TALLAHASSEE — Gov. Charlie Crist is expected to announce his replacements for his two ousted appointees to the state utility-regulation board Wednesday, and will choose from a list of eight applicants that includes many with deep ties to utility companies.
Crist interviewed the candidates last week to fill two positions on the Public Service Commission and told The Miami Herald/St. Petersburg Times that he wants to select a commissioner who is willing to offer an independent, pro-consumer point of view, and that “some more than others” fit that criteria.
The appointments will fill two positions on the PSC that were vacated when David Klement and Benjamin “Steve” Stevens were rejected for confirmation by the state Senate in April.
Crist’s list was put together by the PSC Nominating Council, a 12-member board whose chairman and six members are legislators. Sen. Mike Bennett, a Bradenton Republican and chairman of the council, called the list of applicants “one of the most qualified” the panel had ever seen.
n Rep. Ron Brise, a Democrat from Miami whose former telecom company, IPIP Telecommunications, used to share contracts with a company now under indictment for bribing Haitian officials. Brise says he joined the company after the questionable behavior, left it in January 2009, and was never involved.
n Connie Murray, a former three-term Republican state legislator from Springfield, Mo., who was appointed for two terms on Missouri’s PSC by two Democratic governors.
After leaving the panel, Murray took on a $30,000 consulting job with Ameren UE, a St. Louis-based utility that is the largest in the state. She was once publicly reprimanded by a state legislator for allowing a gas company to get a 44 percent rate increase without a public hearing. She defends the decision.
n Charles Ranson, a consultant who has worked in economic development in Kansas and Florida and is the former executive director of the Florida TaxWatch Center for a Competitive Florida. He formerly represented telecommunication clients before the Legislature and his former law partner represented clients before the PSC.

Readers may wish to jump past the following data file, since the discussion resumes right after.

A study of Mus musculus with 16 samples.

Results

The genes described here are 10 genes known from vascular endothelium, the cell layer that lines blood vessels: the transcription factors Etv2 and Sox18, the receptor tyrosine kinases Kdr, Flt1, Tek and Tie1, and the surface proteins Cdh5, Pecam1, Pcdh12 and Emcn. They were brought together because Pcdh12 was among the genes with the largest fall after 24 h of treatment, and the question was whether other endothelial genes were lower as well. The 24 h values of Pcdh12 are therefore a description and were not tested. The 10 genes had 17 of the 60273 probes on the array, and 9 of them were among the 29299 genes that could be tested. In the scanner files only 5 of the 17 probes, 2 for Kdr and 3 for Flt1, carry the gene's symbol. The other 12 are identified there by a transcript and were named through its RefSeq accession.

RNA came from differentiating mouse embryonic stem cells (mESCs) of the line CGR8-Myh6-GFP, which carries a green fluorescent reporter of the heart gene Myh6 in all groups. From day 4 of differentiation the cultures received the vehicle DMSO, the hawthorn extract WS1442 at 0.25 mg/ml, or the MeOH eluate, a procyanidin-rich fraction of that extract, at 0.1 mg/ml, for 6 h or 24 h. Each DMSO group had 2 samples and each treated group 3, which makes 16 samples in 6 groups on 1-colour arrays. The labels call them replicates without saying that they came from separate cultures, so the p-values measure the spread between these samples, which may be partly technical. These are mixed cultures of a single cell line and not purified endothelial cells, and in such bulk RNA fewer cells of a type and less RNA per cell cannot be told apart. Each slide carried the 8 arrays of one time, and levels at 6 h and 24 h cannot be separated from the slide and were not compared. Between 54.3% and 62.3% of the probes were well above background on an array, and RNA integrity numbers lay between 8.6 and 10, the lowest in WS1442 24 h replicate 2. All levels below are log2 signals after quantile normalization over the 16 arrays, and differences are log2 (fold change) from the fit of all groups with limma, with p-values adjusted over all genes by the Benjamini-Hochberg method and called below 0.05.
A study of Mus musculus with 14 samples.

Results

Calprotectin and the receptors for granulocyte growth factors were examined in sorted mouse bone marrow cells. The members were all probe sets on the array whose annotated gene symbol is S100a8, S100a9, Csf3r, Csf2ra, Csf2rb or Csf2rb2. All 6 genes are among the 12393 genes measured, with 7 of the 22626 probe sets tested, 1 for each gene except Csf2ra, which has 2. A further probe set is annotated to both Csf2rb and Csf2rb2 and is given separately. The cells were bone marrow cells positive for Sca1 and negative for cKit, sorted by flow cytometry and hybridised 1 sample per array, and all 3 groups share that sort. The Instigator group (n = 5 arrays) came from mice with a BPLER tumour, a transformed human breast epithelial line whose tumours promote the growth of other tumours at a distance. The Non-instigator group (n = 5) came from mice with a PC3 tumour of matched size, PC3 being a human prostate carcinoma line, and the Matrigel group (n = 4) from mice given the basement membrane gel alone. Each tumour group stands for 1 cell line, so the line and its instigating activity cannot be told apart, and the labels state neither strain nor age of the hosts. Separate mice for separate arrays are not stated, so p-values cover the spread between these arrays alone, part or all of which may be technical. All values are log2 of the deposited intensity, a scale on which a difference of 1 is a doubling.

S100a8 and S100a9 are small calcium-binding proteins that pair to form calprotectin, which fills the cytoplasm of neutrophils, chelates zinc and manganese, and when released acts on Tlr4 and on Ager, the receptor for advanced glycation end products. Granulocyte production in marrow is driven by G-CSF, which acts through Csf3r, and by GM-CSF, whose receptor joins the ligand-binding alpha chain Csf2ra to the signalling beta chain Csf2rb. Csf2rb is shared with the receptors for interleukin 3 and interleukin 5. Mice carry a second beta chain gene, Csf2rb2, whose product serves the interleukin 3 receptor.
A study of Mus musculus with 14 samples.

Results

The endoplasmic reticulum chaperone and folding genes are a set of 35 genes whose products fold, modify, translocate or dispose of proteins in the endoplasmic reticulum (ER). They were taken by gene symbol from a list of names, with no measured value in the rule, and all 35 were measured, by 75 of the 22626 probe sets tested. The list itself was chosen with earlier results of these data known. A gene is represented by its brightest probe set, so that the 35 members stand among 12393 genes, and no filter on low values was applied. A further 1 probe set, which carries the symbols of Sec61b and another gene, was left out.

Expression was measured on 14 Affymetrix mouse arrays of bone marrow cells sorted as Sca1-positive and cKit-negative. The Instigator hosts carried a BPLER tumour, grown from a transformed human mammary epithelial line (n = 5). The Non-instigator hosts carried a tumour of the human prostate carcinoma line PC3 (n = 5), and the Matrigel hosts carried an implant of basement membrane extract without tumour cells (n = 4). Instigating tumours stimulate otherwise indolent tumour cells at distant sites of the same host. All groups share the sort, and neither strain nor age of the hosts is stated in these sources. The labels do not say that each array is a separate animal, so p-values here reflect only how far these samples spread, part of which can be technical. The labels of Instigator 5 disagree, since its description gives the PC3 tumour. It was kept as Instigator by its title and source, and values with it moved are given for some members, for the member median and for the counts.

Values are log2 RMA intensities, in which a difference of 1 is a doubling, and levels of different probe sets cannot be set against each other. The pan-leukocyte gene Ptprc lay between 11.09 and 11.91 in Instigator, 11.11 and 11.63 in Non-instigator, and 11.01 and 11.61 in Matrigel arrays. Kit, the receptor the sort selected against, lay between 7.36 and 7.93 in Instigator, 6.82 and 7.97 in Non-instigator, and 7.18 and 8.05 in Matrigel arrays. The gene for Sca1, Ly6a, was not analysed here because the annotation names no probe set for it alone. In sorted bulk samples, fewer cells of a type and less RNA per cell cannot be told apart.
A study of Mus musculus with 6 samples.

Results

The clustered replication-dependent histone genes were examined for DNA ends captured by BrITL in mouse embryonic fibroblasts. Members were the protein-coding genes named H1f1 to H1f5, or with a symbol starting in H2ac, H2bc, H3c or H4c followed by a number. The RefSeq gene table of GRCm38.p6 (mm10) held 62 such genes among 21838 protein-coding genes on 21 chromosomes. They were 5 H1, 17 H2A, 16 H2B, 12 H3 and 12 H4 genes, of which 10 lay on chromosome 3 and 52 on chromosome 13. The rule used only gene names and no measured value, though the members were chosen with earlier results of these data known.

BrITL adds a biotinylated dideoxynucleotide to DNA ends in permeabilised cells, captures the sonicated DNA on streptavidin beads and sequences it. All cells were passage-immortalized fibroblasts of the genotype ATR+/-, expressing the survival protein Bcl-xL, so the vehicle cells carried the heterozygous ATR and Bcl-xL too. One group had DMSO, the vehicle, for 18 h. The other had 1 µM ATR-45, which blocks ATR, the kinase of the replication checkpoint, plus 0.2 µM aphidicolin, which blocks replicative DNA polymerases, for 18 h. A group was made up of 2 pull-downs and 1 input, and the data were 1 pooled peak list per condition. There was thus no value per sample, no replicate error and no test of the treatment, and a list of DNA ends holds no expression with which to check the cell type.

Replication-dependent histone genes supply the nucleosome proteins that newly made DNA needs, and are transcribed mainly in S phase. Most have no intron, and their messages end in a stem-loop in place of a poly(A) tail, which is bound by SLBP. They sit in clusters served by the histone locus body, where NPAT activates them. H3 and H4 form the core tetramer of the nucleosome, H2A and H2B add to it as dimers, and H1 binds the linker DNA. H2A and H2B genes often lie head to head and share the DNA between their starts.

n Mary Bane, the retired former executive director of the PSC, who served on the commission for more than 40 years, including the last year in which the agency came under fire for allowing staff to exchange text messages and socialize with the utility officials they regulate.
n Sen. Lee Constantine, an Altamonte Springs Republican who chaired the nominating council for the last two years, and recently resigned from the council so that he could apply for the PSC job. He pushed for sweeping energy legislation that would have required the state’s utility companies to obtain 20 percent of their energy from renewable sources by 2020. The measure was twice rejected by the House.
n Arthur Graham, a Jacksonville city councilman and chemical engineer who previously worked for Georgia-Pacific paper company.
n Curt Kiser, a former state senator who was recruited to be the PSC’s general counsel in November after it came under fire from the governor. He sponsored legislation creating the PSC nominating council.
n Kevin Wiehle, chief legislative analyst for the state Senate’s utilities committee, who helped draft many of the most important utility-related bills in the Legislature in recent years, including a 2003 rewrite of the state telecommunication law.